The Monitor revisits the Methboub family. The youngest son has a new bike; another has joined a radical Shiite militia.
Schoolboy Mahmoud was selling Pepsi on his Baghdad street when the bomb exploded one block up. Trampled as neighbors fled, he went home crying, falling into the comforting arms of his older sisters.
But that didn't end the horror of that deadly blast three weeks ago for the family of Iraqi widow Karima Selman Methboub and her eight children.
From the end of the corridor in their dilapidated downtown building, the shocked children watched as several bodies were collected on the next street hours after the deadly explosion.
"When you see some dead people, you feel the next time you are the target – like you are in line, waiting after them," says eldest daughter, Fatima. It was the second bomb in a week along the crowded street. "No one can be safe from these explosions," she says, adding that jittery Iraqi soldiers shot someone at the scene as they tried to identify a relative. "No one in Iraq feels safe."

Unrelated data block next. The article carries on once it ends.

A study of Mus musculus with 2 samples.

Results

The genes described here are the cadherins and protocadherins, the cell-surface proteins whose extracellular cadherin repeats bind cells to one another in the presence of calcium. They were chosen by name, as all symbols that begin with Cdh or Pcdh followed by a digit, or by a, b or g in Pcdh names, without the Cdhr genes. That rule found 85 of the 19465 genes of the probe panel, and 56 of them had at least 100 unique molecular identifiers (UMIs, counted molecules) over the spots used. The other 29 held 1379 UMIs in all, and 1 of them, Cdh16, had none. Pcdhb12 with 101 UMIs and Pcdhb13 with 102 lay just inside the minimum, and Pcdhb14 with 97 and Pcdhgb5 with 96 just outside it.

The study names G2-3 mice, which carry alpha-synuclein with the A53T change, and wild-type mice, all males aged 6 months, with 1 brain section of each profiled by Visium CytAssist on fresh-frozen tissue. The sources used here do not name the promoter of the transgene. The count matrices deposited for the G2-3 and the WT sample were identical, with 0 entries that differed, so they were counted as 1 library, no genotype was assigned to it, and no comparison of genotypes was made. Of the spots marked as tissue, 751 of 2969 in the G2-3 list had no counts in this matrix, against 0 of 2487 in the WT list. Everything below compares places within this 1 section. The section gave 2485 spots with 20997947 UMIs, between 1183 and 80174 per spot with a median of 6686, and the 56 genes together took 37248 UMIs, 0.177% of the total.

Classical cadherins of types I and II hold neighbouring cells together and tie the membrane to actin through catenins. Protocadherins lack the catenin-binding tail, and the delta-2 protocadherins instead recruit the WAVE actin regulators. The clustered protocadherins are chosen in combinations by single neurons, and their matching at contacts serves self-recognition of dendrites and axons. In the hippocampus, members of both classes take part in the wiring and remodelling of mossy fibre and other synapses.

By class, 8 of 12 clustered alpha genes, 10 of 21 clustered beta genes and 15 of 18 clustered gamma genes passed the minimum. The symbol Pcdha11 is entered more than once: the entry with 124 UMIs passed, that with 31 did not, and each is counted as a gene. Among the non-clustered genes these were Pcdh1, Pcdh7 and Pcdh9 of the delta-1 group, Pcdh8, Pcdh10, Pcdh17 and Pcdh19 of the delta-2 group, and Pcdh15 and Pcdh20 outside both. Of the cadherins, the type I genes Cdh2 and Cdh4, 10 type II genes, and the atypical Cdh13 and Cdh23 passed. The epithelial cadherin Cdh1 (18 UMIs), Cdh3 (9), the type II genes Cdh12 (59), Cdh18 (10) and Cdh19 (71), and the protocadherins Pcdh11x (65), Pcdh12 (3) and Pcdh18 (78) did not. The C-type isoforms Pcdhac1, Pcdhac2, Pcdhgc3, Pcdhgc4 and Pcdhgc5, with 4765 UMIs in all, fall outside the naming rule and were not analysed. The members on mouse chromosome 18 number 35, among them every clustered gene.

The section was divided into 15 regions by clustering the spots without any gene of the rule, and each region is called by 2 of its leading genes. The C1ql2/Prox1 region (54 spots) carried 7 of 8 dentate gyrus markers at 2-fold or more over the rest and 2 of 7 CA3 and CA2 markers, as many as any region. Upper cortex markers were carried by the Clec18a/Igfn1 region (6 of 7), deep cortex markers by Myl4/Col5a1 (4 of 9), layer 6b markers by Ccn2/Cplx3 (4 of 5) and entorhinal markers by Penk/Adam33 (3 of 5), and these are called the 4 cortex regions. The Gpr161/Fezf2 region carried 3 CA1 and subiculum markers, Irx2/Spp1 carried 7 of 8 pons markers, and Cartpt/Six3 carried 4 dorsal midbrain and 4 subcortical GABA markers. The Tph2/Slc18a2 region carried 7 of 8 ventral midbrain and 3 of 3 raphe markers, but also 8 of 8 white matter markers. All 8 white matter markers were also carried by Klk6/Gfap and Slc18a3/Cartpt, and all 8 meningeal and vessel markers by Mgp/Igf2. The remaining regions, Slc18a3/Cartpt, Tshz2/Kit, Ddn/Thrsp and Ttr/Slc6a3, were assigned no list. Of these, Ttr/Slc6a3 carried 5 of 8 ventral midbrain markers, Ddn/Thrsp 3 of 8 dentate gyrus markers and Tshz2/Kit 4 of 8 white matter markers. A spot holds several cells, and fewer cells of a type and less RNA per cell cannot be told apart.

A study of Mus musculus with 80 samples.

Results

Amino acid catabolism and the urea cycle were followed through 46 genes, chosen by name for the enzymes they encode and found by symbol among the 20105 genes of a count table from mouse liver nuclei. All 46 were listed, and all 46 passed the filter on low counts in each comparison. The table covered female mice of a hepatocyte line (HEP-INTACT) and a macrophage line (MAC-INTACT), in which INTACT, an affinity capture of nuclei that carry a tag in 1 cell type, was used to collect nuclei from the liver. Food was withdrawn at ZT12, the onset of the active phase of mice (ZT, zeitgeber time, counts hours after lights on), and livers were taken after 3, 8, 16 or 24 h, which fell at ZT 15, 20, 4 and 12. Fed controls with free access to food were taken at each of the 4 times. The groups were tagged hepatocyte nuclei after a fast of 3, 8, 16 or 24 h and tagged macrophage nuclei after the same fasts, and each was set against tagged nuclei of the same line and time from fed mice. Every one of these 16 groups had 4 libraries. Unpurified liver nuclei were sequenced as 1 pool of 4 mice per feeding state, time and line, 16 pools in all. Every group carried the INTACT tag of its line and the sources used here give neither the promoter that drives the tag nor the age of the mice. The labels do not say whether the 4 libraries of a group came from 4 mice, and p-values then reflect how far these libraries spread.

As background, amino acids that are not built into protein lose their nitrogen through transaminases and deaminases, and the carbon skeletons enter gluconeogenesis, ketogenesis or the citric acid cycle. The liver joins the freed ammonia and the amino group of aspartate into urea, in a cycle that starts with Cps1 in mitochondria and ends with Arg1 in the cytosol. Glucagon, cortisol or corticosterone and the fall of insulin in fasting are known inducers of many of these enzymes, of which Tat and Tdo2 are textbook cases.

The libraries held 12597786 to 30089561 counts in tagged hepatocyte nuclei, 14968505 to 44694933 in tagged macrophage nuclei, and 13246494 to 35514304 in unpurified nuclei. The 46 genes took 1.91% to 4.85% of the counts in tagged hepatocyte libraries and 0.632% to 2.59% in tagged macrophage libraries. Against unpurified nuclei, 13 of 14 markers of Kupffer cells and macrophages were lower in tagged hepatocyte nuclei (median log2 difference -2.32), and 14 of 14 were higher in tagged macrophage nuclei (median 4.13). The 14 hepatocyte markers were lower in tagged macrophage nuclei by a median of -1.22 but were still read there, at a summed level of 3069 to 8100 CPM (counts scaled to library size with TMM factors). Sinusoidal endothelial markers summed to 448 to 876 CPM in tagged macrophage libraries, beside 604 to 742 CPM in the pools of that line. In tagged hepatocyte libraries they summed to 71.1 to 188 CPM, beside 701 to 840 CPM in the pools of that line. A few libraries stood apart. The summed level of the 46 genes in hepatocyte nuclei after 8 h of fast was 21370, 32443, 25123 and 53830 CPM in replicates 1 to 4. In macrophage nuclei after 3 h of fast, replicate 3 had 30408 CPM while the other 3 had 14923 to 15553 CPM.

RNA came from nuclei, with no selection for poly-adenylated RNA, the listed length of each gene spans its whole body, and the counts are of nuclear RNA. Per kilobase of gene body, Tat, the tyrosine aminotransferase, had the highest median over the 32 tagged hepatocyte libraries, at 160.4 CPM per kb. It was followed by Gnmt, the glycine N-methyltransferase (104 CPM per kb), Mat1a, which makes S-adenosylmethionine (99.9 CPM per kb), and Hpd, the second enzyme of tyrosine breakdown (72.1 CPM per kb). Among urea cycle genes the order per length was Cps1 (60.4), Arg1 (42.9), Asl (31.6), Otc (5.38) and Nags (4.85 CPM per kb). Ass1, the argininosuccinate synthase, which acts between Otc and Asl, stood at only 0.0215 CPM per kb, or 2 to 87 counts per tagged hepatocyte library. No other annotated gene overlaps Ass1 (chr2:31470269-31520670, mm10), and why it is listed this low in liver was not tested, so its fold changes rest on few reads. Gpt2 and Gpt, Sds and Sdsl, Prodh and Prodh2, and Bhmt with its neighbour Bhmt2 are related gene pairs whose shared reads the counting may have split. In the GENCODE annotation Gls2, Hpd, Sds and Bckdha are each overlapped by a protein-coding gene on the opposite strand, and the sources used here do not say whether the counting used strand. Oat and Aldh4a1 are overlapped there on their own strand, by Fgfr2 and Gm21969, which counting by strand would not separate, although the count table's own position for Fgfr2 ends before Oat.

The Monitor has followed the changing emotions of this family, as a window into the lives of ordinary Iraqis, since late 2002, before US forces invaded Iraq. They are typical of Iraq's legions of poor, for whom daily violence – at the hands of insurgents, and more recently sectarian militias – has turned security into an obsession.
And this family's reactions under such pressure are typical, too, leading them to beliefs and actions that they never thought possible after the statue of Saddam Hussein was pulled off its plinth April 9, 2003.
While hardly pro-Mr. Hussein, some Methboub family members crave the order and relative security that they remember nostalgically of the dictatorial era. Fatima, 19, even praises the man himself, as a reassuring "father" figure who "smiles very nicely" at the television cameras of the tribunal court, where Hussein faces the death sentence for crimes against humanity.
And one son, Mohamed, has joined the Shiite militia called the Mahdi Army, run by radical anti-American cleric Moqtada al-Sadr. Mohamed, 21, and fellow family members speak of his good work, including helping to stop one kidnapping and halting gambling and alcohol sales.